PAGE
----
As temperatures climb and the humidity soars during Israel’s holiday months, many Israelis escape the heat by traveling to cooler climes. But for the tourists who come visit, and the locals who stay at home, Israel’s summer has its very own special charms.
The roads are quieter, the mood is relaxed, there are rooftop bars, iced drinks, long summer nights on the beach, and virtually zero possibility of rain.
Here are some of ISRAEL21c’s favorite things about summer in Israel. Add yours in the comments section below.
- WET & WILD
Wherever you are, it’s the perfect time for the water. Put on your swimsuit and cool down at any Israeli beach, pool, natural spring, water hike (see our top 10 list here), waterpark or city fountain. Thanks to the strong sun, you’ll dry off in a jiffy. If you prefer to swim at night, the seawater is as warm as a bath this time of year. In August, the average sea water temperature of the Mediterranean is about 29C.
Red, juicy watermelon (avatiach) grown in Israel and available only through the hot summer months is the refreshing quintessential taste of summer. Eat it plain, blend it into a smoothie or top it with Bulgarian cheese for a flavor that really pops. It’s on sale everywhere. Check out our special watermelon recipes here.
- FESTIVALS, FESTIVALS, FESTIVALS
Summer is high festival season throughout Israel. Check our guide to this summer’s festivals to find one that’s just right for you. You can take your pick from sports events like the Maccabiah Games, to the Tel Aviv Blues Festival, the Akko Opera Festival, the Jerusalem Puppet festival and the Red Sea Jazz Festival.
As usual, there are also many outdoor concerts taking place this summer in Israel. Britney Spears kicks off July, followed by Tears for Fears, Guns N’Roses, RadioHead and the Pixies are among the stars expected to perform through the summer months.
- ROOFTOP BAR/RESTAURANTS
Looking for a breeze? Then take to the Tel Aviv rooftops to relax with a cocktail in the nighttime air high above the city. Some of the hottest rooftop hotspots in Tel Aviv are the Brown boutique hotel, 2C on the Azrieli Towers and B on Top at Hotel Indigo. In Jerusalem, try Rooftop at the Mamilla Hotel, or Rooftop Cheese & Wine at the Notre Dame guesthouse.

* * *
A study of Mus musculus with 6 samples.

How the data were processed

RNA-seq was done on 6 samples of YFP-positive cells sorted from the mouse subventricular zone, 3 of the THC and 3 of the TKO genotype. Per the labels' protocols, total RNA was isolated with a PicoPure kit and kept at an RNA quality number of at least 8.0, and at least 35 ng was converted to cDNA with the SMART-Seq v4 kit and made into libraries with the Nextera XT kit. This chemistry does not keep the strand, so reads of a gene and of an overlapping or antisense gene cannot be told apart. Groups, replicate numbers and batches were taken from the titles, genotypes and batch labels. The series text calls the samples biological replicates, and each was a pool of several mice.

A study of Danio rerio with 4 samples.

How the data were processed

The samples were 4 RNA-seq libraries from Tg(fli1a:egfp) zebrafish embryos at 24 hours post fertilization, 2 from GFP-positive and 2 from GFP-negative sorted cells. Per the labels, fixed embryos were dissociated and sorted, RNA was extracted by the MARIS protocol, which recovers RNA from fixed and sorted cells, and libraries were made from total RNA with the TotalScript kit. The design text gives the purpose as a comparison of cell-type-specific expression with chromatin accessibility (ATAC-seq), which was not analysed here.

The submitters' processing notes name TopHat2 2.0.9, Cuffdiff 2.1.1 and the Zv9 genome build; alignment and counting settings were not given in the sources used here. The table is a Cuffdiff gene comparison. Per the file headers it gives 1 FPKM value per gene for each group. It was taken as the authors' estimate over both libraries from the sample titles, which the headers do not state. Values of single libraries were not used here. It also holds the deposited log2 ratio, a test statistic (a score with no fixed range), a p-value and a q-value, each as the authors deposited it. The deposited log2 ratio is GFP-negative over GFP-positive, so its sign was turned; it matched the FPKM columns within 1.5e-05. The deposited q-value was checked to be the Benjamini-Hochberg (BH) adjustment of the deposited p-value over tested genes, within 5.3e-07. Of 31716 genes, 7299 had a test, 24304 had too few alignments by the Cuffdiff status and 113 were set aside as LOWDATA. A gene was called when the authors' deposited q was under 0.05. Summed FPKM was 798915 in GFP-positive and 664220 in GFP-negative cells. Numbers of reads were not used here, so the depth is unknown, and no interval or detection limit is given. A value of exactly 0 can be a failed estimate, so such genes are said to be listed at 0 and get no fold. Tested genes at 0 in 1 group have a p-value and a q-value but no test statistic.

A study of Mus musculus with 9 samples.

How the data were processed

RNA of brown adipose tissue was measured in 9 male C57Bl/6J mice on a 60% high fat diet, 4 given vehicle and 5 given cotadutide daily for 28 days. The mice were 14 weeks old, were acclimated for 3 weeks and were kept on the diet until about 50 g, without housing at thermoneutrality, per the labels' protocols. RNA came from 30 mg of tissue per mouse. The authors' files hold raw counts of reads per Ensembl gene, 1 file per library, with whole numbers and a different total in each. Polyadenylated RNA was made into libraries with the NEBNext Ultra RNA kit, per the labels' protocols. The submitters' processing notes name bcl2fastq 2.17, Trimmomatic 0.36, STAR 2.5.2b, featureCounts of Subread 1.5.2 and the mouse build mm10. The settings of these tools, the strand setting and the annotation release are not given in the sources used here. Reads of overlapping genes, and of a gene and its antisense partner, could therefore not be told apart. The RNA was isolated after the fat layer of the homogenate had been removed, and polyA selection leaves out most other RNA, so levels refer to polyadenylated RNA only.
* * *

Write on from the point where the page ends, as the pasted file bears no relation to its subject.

- JERUSALEM AT NIGHT
Among its other unique qualities, Israel’s capital city is famous for its deliciously cool nights, even during summer. Pack a light sweater for an after-hours stroll in the Old City, Machane Yehuda marketplace, Emek Refaim, Mamilla Alrov mall, The First Station leisure/dining complex or the Sherover and Haas promenades.
The 45-minute Night Spectacular sound-and-light show on the walls of the Citadel at the Tower of David Museum takes place twice a night (except Fridays); buy tickets on the website.
- KIDS EVERYWHERE
Israel is well known as one of the most child-friendly places on earth and you’ll soon see why. During summer vacation, special activities for youngsters are available daily in museums, parks and malls across the country. Kids are out in force on the hiking trails, beaches and parks, and the fun doesn’t stop during the day. At night you’ll find the streets, restaurants and cafes are bursting with children enjoying the cooler air of night. And don’t expect them to go to bed early, you’ll find kids still enjoying the night time fun long after midnight.
- Ice cream
Well of course. Ice cream is a no-brainer on hot summer days. The average Israeli eats about 10 liters of ice cream every year and most of it is during the summer. Try Mideast-inspired flavors such as hummus, halva, tahini, 10-spice, fig and pomegranate, as well as fresh fruit sorbets.
Two unusual ice-cream parlors in the Galilee are Bouza, co-owned by a Jewish kibbutznik and an Arab Muslim; and ILO Natural Ice Cream (vegan) at Kibbutz Hagoshrim. You don’t have to go that far, however, if you’re searching for good ice cream – it’s everywhere!
- Israeli lifeguards
If you’re looking for a show on the beach in the summer, you don’t need to look much further than Israel’s lifeguards. They are a unique breed unto themselves. Perched up in their towers through the long summer days in little red shorts and a dark tan, they’re loud, abrasive, and sometimes rude.
While on duty they punctuate the seaside air with a string of assertive demands, and often hilarious asides if you don’t do what they suggest. So if you are happily bathing in an area you really shouldn’t, hear a loud voice on the tannoy, and find the entire beach staring at you, just get out of the water.